I often hear leaders say they want their brand to be about trust. They're looking in the right direction, but an important refinement is needed: what they actually want is for their brand to be trusted.
What's the difference between "about trust" and "trusted"?
Trust is not something you input to create an excellent brand; rather, it is the outcome of an excellent brand. In other words, any brand worth its salt is a trusted brand. We don't get to enjoy the fruits of a trusted relationship until we've earned trust.
When working with a client, I would never name "trust" as an element of a brand strategy. It's a given that we want our brand to be trusted. (Think of a brand that you don't trust. How loyal are you to that brand?)
How can my brand earn trust from our customers?
A great brand doesn't ask what the customer can do for me ("Trust me, customer!") – it asks what I can do for the customer. Only when I've kept my promises as a company, and consistently delighted my customer with my products and services, will the customer reward me with her trust.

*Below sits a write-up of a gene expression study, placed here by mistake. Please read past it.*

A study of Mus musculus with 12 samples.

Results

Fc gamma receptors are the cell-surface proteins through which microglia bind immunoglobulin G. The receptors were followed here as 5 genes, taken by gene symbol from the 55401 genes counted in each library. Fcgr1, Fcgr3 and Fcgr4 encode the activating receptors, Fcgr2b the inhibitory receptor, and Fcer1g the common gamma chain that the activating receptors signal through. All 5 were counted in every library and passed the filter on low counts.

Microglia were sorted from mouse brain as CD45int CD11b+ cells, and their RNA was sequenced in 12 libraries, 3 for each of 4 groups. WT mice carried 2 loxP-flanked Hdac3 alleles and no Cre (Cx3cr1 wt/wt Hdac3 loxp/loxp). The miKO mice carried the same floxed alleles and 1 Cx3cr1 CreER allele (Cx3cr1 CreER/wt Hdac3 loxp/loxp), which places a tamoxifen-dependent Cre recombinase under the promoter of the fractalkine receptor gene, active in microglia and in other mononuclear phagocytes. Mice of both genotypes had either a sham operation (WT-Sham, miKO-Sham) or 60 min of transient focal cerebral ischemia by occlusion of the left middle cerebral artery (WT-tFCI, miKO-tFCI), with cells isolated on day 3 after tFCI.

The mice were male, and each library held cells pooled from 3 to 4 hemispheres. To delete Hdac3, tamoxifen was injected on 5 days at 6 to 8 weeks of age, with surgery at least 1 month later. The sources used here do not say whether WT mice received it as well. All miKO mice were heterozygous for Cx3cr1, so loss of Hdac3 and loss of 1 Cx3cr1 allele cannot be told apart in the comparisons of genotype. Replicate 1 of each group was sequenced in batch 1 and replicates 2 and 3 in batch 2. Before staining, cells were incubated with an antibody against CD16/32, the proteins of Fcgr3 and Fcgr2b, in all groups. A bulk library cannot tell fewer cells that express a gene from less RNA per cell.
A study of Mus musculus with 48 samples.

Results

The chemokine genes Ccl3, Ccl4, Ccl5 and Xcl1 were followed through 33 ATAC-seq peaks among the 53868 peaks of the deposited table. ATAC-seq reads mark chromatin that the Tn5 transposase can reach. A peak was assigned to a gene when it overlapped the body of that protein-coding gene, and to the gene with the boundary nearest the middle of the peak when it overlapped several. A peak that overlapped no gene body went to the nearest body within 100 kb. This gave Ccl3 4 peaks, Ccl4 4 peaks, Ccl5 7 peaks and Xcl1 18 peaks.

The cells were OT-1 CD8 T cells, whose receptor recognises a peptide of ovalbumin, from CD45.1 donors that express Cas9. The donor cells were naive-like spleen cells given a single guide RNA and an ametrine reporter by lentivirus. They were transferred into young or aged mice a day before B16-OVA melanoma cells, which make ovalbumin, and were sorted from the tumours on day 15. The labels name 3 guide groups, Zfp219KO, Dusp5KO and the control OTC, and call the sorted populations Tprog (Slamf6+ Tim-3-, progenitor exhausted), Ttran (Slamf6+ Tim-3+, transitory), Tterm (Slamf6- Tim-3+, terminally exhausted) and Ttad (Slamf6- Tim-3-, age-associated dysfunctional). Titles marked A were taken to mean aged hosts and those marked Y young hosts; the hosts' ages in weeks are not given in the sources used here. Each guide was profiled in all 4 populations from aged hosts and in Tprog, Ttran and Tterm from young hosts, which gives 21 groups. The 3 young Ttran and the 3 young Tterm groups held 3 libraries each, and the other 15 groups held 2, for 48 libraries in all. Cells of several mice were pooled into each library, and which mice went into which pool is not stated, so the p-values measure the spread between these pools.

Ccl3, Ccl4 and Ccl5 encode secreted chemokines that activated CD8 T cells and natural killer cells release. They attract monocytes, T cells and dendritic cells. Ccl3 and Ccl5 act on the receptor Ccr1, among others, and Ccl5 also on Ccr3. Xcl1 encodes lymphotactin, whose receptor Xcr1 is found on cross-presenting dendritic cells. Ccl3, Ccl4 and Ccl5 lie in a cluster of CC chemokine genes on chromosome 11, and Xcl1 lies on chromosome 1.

How does this work in the real world?
Brands must be distinctive, and trust is part of all great brands. Let's look at a couple of outstanding examples in the auto industry.
- Mercedes is a stellar, well-established brand with a particular brand promise and personality.
- Mini is a (very different) stellar, well-established car brand with a particular brand promise and personality.
They are both trusted – not in order to be stellar brands, but because they are stellar brands. Mercedes owns a certain type of luxury that is their brand, and Mini owns a certain lifestyle and attitude that is their brand.
These two brand promises are very different, and delivered in a very different manner. They are both trusted – because they have earned their customers' trust.